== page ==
We realized that most of the cars getting repaired were going through auto insurance rather than paying out of pocket, so we started meeting with carriers and listening to the problems they had. We realized that our technology fit perfectly hand in hand with that. We proposed to a couple chief claims officers implanting a solution with us, and they jumped all over it. Back in 2012, the evolution of smart phones and smart phone adoption were still very early on. We’re much more advanced in smart phones today than we were back then.
We pretty much plug straight into carriers’ existing processes. We allow the insurance carriers to assign us work to get estimates. We propose to the customer through our contact center to either use a self-service branded application for that carrier to take its own photos of the vehicle or a crowd-sourced photo inspection network, or we’ll work directly with any body shop. Our technology enables us to capture photos through different ways, but primarily it’s through the branded self-service app. The customers never really know that we exist.
Everything is white-labeled for that carrier, from the call scripting to the design of the application. We capture photos from that customer, and then the bulk of our Snapsheet employees write auto repair estimates. We have a bunch of checks and balances and technology to make sure that estimate is accurate and then provide the estimate back to the customer, back to the insurance carrier and then back to a shop. Then, we negotiate all the repairs with the shop if the car does end up getting repaired. We provide virtual touchless claims. The customer falls within the carrier’s brand, and the carrier doesn’t have to worry about anything. They let us and our technology take over the claim.
By the time the carriers realized they had underinvested in claims, it became kind of a scramble. The customers were demanding virtual channels. The carrier infrastructure and processes simply couldn’t handle it. Insurance carriers were finally forced to come to the realization that the customer interacts with them during a claim and sometimes that’s the only time they interact with them for a long time. You have to do everything you can to make that experience good, because even if you control your expenses in that claim but you churn that customer out, you have to pay to get a new customer. You can see what the carriers are interested in—things like chatbots, visual recognition, anything that helps streamline the process and the cost of their operations while increasing customer satisfaction.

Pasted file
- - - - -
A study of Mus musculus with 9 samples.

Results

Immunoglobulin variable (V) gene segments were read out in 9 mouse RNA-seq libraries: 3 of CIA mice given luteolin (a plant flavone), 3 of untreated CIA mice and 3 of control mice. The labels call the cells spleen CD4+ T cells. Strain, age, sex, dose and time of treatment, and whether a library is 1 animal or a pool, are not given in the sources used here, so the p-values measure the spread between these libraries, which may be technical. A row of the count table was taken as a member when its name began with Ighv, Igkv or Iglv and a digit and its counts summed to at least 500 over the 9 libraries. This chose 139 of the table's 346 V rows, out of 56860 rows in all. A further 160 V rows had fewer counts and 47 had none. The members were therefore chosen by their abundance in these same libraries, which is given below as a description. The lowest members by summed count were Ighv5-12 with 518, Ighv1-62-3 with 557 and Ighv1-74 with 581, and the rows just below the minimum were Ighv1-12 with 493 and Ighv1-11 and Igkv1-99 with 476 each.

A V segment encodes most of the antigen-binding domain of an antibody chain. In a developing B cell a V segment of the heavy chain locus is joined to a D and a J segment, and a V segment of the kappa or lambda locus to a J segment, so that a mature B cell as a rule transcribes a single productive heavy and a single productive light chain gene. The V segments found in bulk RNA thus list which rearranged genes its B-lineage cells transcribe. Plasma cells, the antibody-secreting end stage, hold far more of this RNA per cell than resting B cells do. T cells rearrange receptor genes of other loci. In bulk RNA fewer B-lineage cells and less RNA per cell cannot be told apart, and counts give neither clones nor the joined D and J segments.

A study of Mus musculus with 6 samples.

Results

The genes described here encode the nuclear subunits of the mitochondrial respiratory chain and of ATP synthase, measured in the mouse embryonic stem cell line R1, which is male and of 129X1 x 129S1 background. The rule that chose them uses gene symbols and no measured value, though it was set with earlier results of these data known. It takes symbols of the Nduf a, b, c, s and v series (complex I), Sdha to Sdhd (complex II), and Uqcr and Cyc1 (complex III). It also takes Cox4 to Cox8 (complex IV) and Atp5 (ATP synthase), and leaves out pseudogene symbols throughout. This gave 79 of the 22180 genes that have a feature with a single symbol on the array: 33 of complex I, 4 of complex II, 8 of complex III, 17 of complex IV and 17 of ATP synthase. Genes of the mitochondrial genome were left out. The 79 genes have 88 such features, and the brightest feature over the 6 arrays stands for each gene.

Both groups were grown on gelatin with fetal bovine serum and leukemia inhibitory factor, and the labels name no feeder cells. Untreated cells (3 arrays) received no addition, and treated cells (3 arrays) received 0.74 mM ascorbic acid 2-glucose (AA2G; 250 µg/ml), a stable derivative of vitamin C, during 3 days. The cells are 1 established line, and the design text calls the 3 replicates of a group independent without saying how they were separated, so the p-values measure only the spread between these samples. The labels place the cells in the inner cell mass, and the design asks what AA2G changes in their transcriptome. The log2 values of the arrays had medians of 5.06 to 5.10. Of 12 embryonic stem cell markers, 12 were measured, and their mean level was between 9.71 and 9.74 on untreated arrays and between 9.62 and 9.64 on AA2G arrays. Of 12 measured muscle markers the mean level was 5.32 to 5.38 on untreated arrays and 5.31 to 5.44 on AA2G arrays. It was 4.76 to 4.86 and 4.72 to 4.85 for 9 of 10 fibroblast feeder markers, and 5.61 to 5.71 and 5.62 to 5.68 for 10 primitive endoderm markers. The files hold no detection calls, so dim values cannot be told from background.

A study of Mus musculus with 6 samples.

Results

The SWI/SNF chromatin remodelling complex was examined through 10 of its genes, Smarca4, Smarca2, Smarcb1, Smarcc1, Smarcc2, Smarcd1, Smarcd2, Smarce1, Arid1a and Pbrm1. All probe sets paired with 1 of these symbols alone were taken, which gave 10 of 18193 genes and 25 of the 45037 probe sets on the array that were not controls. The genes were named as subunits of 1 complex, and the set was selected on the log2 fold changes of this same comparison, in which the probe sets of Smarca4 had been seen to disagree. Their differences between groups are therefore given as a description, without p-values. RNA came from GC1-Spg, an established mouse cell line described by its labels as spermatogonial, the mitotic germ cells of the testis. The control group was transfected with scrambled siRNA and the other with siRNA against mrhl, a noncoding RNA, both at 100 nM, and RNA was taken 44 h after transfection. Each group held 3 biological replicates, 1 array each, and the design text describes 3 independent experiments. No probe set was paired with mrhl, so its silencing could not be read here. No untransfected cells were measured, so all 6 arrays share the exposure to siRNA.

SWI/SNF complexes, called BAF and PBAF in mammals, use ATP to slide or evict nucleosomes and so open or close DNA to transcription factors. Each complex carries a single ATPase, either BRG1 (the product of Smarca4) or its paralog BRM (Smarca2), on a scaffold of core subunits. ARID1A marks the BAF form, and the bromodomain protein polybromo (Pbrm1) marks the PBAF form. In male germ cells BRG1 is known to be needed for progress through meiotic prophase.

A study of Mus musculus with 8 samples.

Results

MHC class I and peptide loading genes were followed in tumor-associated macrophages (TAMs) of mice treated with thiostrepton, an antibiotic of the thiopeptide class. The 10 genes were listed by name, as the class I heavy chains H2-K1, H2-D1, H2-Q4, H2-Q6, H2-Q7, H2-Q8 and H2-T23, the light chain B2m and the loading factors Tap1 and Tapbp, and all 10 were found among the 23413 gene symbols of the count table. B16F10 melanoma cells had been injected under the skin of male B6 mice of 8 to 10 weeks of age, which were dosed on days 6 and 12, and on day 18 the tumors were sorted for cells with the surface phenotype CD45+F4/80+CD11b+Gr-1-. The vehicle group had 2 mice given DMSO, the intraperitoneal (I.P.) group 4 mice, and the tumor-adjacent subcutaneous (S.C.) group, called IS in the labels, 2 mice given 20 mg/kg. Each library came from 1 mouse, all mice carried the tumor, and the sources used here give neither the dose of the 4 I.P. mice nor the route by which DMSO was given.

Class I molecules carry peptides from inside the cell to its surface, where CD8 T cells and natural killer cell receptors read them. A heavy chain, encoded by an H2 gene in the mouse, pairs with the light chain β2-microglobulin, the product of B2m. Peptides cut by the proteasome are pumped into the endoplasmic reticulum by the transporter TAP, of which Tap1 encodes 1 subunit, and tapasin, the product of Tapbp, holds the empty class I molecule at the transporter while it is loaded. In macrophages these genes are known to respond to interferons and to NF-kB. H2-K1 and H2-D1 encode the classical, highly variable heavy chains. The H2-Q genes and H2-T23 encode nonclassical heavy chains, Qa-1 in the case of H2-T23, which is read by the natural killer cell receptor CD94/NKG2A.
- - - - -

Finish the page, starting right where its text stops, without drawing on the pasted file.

What matters is to help optimize certain functions. From a technology perspective and claims, you’re going to see more adoption of virtual like we do. Probably less than 2% of the auto claims market is adjusted that way. The whole industry has to reset itself onto this new virtual infrastructure, and that’s going to take years to do in insurance. For years, carriers will be catching up to those kinds of platforms.
I don’t see a world where the insurance carriers—as much as they’re trying—tie all the pieces together. I think it’s much better for third parties to put everything together. Then, it can be distributed to everyone in the industry. It’s all going to come down to the application inside the carrier workflows.